Friday, May 29, 2009

Seller's contradictory evidence about contract terms leads to win for Buyer; Seller refused to close on real property after contract was signed

WILLIAM A. BAKER, II v. HOMER J. JOHNSON, SR. (Tenn. Ct. App. January 26, 2009).

Shortly after the parties entered into a contract for the sale of a piece of real estate, the seller refused to transfer possession and informed the buyer that he did not intend to close on the property. The buyer filed suit for breach of contract and demanded specific performance. The seller denied that the contract of sale was valid or enforceable and presented a number of different and inconsistent allegations to support his contention. The trial court granted summary judgment to the buyer. We affirm.

Opinion may be found at the TBA website:

"Such contradictory assertions not only destroy the credibility of the person making them, but they force the trial court to disregard them as a matter of law.  Our courts have long held that mutually contradictory statements by the same witness are “no evidence” of the fact sought to be proved. Another expression of the same idea is that “[c]ontradictory statements of a witness in connection with the same fact have the effect of cancelling each other out. However, the cancellation rule applies only if the allegedly contradictory statements are unexplained or if neither statement can be corroborated by other competent evidence." Id.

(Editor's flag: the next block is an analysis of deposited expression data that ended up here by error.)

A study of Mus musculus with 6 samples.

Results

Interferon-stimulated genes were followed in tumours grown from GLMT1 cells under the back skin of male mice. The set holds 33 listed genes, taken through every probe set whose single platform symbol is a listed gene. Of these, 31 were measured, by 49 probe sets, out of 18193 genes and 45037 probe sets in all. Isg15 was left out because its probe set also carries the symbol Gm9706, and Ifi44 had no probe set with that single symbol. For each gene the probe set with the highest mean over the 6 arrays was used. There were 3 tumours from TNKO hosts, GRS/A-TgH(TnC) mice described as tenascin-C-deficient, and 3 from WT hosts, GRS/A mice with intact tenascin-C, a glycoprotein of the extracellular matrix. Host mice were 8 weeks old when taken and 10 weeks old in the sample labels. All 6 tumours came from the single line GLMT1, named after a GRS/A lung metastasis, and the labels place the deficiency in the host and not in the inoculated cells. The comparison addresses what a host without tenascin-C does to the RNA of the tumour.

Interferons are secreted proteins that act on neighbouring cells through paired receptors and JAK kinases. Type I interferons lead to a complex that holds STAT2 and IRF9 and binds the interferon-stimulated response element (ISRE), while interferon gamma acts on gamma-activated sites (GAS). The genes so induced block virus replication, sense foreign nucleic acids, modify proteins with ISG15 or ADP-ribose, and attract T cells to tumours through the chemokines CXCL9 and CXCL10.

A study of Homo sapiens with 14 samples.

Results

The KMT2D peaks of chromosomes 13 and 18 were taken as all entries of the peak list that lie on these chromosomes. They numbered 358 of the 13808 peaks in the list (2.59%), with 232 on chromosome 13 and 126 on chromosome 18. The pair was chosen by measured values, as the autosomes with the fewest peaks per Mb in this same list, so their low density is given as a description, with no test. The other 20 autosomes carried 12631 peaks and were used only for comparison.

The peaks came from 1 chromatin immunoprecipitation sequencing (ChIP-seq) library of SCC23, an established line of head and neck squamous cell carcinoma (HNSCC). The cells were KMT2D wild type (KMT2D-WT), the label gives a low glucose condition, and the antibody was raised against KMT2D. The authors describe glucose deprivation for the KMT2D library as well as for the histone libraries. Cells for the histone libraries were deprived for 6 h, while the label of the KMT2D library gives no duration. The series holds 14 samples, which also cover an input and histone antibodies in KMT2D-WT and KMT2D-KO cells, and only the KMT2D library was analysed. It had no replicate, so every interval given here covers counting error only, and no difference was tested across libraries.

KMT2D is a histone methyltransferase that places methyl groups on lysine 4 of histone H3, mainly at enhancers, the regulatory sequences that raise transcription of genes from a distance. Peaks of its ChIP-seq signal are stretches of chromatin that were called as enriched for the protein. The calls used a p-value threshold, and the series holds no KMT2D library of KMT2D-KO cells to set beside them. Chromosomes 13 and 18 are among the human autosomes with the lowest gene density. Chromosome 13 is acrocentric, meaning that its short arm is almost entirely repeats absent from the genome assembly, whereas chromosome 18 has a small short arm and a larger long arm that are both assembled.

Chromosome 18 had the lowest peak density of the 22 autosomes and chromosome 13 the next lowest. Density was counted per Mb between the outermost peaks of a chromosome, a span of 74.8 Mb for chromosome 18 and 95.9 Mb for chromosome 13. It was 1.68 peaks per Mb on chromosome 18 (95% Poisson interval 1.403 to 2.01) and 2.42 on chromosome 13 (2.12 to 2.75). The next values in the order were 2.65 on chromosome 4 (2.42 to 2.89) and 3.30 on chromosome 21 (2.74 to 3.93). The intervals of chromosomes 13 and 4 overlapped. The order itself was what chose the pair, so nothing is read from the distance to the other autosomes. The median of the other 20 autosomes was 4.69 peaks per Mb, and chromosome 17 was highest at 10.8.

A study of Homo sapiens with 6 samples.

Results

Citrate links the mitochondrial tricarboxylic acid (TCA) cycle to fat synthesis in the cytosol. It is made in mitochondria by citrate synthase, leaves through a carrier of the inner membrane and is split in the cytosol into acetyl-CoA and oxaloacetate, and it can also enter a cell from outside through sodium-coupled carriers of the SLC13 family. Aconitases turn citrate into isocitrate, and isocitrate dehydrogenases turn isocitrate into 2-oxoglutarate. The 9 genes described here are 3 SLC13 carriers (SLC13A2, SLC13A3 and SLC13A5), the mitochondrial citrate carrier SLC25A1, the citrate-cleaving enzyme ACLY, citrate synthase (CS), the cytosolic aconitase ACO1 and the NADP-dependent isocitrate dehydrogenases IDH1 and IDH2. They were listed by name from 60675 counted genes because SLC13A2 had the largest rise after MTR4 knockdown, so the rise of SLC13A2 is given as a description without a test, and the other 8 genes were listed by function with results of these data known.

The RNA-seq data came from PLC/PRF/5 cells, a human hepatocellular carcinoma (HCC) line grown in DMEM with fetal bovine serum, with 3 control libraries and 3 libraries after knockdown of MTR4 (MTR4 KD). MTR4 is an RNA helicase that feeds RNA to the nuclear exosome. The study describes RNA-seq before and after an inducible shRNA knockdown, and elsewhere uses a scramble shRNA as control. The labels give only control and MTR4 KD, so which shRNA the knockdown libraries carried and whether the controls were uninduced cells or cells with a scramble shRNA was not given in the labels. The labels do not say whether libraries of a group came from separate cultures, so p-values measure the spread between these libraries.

"Finally, we note that even if Mr. Johnson had succeeded in establishing the authenticity of the documents he submitted, Mr. Baker would still be entitled to prevail.  It is a well-established tenet of contract law that once a party has formed a contract by accepting an offer, he cannot subsequently vary the terms of that contract by presenting a counter-offer to the other party.  Both versions of the Purchase and Sale Agreement contain Mr. Johnson’s signed acknowledgment that the buyer’s offer was accepted at 2:00 p.m. on July 26, 2005.  The signature on the purported counter-offer bears the same date, but recites a time of 4:30 p.m.  Thus, even if such a counter-offer had been presented to Mr. Baker, it would have had no legal effect." Id.